Are you looking for an experience that will challenge you and transform you? World Service Corps may be the experience you are looking for! World Service Corps (WSC) is an international volunteer ministry of Community of Christ, committed to offering opportunities for leadership development, disciple formation, and cultural immersion.
Applications are being accepted now until January 31, 2015 to serve as a World Service Corps volunteer in 2015. Apply today! Visit our website to view more information or contact the WSC Coordinator if you have any questions.
What is it like to be a World Service Corps volunteer? Every volunteer experience is different. But read this story from Lawson Mushibwe to find out his perspective! Lawson is from Zambia and he served as a WSC volunteer in India for two months in 2014.
Testimony by: Lawson C. Mushibwe (from Ndola, Zambia)
World Service Corps volunteer, July – September 2014
WSC location: Uthamapalayam, Tamil Nadu, India
Emily: Hello… Is this Lawson Mushibwe?
Me: Yes it is.
Emily: How are you Lawson?
Me: Thinking to myself, OMG, that’s an American accent… But I calmly in my polished accent responded, “Am fine thank you, and how are you?”
Emily: This is Emily Penrose McLaughlin calling you from Community of Christ. I am the World Service Corps Program Coordinator.
From this moment I knew that my WSC volunteer application had been considered. And not too long from that call, I was taking part in sharing the five mission initiatives, promoting communities of joy, hope, love and peace as well as proclaiming Jesus Christ as he is the centre of it all. I was also privileged to share at a prayer meeting on one of the eight sacraments (marriage) of Community of Christ to a couple on their fourteenth marriage anniversary.
It didn’t take me long to adapt to this new environment. Quickly, I had a family and in no time I developed new strong chords of love in friendship which created an atmosphere resulting in feelings I would get if I were home, so I indeed felt at home. Even though there was a bit of language barrier, I opened my ears to listen to people’s stories and testimonies which indeed strengthened my faith and changed my life.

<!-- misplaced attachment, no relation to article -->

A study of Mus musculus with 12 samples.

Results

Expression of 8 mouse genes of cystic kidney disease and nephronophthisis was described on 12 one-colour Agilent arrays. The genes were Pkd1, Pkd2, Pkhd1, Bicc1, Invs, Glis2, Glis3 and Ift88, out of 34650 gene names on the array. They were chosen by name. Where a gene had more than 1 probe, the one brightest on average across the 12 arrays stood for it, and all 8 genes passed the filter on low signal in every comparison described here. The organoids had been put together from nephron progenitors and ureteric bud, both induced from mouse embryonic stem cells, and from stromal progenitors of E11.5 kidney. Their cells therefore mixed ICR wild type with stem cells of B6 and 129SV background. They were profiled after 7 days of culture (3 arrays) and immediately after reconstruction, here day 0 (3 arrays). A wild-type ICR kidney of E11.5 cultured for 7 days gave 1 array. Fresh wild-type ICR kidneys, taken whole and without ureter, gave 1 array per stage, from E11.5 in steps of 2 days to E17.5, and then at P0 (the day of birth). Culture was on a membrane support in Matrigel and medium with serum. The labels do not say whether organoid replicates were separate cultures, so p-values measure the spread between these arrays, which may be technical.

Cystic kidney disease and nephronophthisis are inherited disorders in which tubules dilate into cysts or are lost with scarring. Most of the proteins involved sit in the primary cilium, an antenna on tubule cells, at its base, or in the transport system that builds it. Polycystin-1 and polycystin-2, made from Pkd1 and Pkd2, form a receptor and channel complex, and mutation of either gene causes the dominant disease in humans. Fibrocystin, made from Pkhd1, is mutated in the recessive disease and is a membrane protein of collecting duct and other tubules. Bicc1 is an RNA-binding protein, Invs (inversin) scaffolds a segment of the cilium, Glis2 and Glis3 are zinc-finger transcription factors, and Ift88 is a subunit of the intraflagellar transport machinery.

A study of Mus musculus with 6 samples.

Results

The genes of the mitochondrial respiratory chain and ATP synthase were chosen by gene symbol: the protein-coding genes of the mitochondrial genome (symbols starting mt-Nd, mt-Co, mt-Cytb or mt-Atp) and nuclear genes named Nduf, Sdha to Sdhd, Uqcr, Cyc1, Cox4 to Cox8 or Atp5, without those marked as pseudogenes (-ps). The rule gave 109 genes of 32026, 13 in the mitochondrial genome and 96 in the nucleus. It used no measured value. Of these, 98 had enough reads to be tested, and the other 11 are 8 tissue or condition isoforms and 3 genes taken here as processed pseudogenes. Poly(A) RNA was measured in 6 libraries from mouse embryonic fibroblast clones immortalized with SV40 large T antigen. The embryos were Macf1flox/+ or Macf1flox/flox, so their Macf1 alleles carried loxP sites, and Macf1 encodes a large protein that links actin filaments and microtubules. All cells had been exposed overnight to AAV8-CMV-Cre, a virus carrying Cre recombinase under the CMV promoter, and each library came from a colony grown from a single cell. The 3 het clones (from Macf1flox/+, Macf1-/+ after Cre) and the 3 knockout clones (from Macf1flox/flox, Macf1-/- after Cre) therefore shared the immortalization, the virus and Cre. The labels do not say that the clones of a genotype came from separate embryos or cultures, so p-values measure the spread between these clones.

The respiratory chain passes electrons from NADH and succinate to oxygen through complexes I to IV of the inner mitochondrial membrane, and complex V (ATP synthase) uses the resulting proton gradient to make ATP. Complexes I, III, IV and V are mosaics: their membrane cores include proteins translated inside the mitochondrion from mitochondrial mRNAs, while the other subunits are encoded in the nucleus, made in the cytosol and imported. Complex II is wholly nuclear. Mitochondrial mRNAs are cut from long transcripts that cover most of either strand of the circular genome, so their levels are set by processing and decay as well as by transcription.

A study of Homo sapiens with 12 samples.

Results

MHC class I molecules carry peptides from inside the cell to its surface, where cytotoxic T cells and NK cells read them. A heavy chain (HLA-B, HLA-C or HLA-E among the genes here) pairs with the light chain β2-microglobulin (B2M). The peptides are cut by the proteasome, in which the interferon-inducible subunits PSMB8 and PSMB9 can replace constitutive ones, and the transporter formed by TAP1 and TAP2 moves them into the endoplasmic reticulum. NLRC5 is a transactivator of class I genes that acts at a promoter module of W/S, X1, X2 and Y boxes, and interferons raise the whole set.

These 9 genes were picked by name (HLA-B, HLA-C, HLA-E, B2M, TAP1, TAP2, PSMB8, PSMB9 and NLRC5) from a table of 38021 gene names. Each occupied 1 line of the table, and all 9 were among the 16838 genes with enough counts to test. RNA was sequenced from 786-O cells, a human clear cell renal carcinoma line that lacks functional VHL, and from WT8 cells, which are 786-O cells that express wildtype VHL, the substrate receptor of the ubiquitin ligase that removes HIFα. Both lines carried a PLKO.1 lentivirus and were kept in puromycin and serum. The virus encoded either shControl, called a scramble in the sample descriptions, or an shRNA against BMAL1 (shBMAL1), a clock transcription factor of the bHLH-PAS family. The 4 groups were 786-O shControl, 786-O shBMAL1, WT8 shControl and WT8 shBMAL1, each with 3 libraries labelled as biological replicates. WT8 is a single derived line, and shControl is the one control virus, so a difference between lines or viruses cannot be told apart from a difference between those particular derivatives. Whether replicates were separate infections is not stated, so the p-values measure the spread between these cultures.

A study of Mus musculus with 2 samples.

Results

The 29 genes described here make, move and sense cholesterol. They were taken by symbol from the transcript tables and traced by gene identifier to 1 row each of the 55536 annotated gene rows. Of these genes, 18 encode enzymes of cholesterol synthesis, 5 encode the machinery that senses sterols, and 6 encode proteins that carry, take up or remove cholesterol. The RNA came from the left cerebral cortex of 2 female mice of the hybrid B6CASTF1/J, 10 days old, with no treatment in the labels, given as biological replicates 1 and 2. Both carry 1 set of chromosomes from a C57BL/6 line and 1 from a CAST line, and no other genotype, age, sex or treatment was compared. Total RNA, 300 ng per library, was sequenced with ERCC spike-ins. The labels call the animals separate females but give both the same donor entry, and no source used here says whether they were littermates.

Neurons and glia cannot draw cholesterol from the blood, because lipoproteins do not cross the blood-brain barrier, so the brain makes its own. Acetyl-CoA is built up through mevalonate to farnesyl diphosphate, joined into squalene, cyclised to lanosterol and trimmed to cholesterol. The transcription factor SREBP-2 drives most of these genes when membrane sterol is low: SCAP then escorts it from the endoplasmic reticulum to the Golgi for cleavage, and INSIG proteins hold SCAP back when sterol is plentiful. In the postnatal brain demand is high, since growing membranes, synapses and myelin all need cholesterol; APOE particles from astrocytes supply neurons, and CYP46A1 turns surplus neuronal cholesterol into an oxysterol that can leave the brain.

Sunday school classes with the kids were exceptionally awesome. I had a good time with the Tamil children, very clever and intelligent children. Classes were never boring as they were actively involved and very participative. They portrayed the eagerness to learn more on the Bible, and indeed the bible stories. And so, on one Sunday, the kids were granted a chance to share in the Church service through a drama on one of the lessons they learnt about the Good Samaritan. Equally, the children from the local school where we volunteered were participative and intelligent. Their syllabus is quiet advanced as compared to my country therefore; I picked the lower grades/standards to save me some embarrassment [Hahaha].
As much as I was thoroughly prepared and ready for this tasked mission, what I found was humbling and made me to reduce myself to nearly nothing, giving up myself for service and striping off my right to be right on how I understand things. And yeah, sacrifice is the word to describe this humbling change I had to undergo. This was in regards to cultural differences and culture shock. Of course, each cultural practice with its own followings. Therefore, I chose to envision the emerging differences and diversity not as sources of conflict/division and distrust, but of strength and inspiration. And this provided a platform for me to share, experience and appreciate one of the Community of Christ Enduring Principles, Unity in Diversity. This resulted in my realization that although our societies may have differences; we are still highly connected through Jesus Christ.
All in all, for many people, sixty days of ministry would really be one day of ministry repeated sixty times differently. So was my WSC volunteer experience. Each day came with its own serendipitous experiences that will forever remain in my heart as it has impacted and enriched my life in this regard.